This sent the carrier looking to protect its APIs against cybersecurity issues such as direct attacks and data tampering, according to Karl Mattson, chief information security officer at Noname Security, an API security company. Noname announced a partnership with Aflac on October 25 to provide its API discovery and runtime protection services, along with automated AI and machine learning detection.
Aflac will be able to conduct real-time analysis of its online traffic, and get insights and protection about its cybersecurity risks using Noname’s Technology.
“Machine learning comes in because we need to understand the API and establish a baseline of behavior,” said Mattson. “From those baseline behaviors, we establish thresholds for anomalies or use. When we exceed those thresholds, then we know we have a misuse in progress.”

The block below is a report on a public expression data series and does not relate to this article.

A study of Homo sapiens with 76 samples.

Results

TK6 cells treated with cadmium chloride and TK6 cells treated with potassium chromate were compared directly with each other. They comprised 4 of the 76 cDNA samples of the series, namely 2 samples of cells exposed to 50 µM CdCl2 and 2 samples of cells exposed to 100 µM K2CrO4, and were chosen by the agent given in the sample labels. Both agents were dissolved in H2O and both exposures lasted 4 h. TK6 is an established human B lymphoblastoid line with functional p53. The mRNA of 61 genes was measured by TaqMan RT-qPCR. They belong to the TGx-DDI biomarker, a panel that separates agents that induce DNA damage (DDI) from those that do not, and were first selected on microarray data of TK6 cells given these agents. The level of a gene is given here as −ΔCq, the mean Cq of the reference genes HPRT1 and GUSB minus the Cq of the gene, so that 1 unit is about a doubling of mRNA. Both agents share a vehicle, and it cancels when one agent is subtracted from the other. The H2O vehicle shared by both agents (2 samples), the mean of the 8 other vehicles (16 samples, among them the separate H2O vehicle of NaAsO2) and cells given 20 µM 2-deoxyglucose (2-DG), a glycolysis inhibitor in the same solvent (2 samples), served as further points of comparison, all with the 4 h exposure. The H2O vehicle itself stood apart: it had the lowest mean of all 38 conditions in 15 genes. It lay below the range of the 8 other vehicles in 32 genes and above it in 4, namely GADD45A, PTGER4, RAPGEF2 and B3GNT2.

Since every API is different, however, every threshold is also different, he observed. “It’s unlike most cybersecurity areas where you can log4j [the framework for logging problems in software execution or automation] or Windows Patch Tuesday, where we’re all susceptible to the same risk,” he said.
Noname also considers the context of where an API is on a network, whether it is supposed to be public-facing or not, according to Mattson. Aflac has a global estate of APIs.
“Noname Security is a visionary company, fundamentally reshaping how companies approach API security,” said DJ Goldsworthy, VP, Security Operations & Threat Management at Aflac, in a statement. “They are continuing to innovate and solve new security challenges at a remarkable pace. They continually deliver because they listen to their customers and are invested in their success.”